Easter Sunday, April 4, 2010

Magnitude 7.2 major earthquake in Baja Mexico


A major earthquake of magnitude 7.2 occurred on Sunday (Easter Day) April 4, 2010 at 22:40:41 UTC about 60 kilometers south of the US-Mexican boarder near Guadalupe Victoria in Baja California, Mexico.  The earthquake occurred on a right-lateral transform fault at the boundary between the North American and Pacific tectonic plates at a depth of approximately 10 km.  The USGS reports that at least 5 aftershocks of magnitude greater than 5.0 have occurred since 20:00:00 UTC on April 5, 2010.  For more information on this earthquake please visit the USGS website by clicking here.  To see data from the University of Arizona seismic station (TUC) please click here.

Baja Mexico is known to experience many major earthquakes in historic time.  The most recent large event was the magnitude 6.9 Baja California earthquake on August 3, 2009, which was felt by residents of high-rise buildings in Phoenix, Arizona.   The Easter 2010 earthquake was located approximately 500 km north-northwest of the 2009 event on the same tectonic plate boundary fault zone.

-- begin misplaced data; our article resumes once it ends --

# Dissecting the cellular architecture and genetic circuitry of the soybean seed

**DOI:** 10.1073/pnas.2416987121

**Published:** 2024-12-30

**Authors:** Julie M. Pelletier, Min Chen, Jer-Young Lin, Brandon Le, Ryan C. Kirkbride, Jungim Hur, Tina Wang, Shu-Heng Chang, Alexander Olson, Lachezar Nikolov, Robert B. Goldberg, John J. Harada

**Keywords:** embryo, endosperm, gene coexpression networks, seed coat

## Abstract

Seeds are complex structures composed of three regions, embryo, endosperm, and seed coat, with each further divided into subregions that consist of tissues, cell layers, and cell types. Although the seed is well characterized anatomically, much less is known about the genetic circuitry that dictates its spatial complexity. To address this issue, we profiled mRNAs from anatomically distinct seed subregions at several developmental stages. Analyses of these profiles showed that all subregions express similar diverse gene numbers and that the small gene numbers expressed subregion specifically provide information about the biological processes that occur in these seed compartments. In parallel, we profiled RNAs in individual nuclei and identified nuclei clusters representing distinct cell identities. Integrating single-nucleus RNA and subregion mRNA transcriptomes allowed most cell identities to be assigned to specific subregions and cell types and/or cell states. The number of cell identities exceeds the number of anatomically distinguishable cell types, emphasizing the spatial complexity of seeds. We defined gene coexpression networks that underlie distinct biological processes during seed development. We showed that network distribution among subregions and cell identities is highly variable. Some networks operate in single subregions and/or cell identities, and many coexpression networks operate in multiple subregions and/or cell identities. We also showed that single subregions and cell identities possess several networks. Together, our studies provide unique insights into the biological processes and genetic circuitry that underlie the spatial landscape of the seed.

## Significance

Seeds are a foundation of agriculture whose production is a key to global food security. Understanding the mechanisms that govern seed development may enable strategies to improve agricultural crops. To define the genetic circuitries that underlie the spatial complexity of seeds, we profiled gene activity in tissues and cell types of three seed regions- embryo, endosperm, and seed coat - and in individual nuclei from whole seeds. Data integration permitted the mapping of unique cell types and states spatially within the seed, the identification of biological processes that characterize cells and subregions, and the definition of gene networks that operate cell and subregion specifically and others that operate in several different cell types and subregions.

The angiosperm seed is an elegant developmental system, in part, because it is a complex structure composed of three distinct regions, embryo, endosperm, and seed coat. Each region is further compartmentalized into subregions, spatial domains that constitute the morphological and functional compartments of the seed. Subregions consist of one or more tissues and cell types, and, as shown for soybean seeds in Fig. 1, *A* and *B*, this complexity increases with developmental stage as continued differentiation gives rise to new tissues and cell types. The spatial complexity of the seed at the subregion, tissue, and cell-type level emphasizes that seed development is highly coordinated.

The Arizona Earthquake Information Center has received many felt reports from residents of Phoenix, Tucson, Prescott and Havasu City, Arizona, amongst other locations.  Only moderate to light shaking was experienced in parts of Arizona.  Many residents witnessed pools sloshing, light fixtures swaying and objects rattling.  The P-wave arrived at the Flagstaff, Arizona (FLAG) seismic station at 22:41:47 UTC or at approximately 3:42 pm April 4th (MST).  The initial P-waves took 1 minute 6 seconds to arrive in Flagstaff, as seen in the seismogram below. 

FLAG seisogram



The image above is the seismogram from the Flagstaff, Arizona (FLAG) seismic station.  The Easter day 2010 Baja Mexico earthquake is seen at the top of the image with aftershocks seen arriving afterwards.  Note that the seismic waves from the large magnitude 7.2 earthquake have been "clipped" when the energy from the earthquake exceeded the response capability of the seismometer.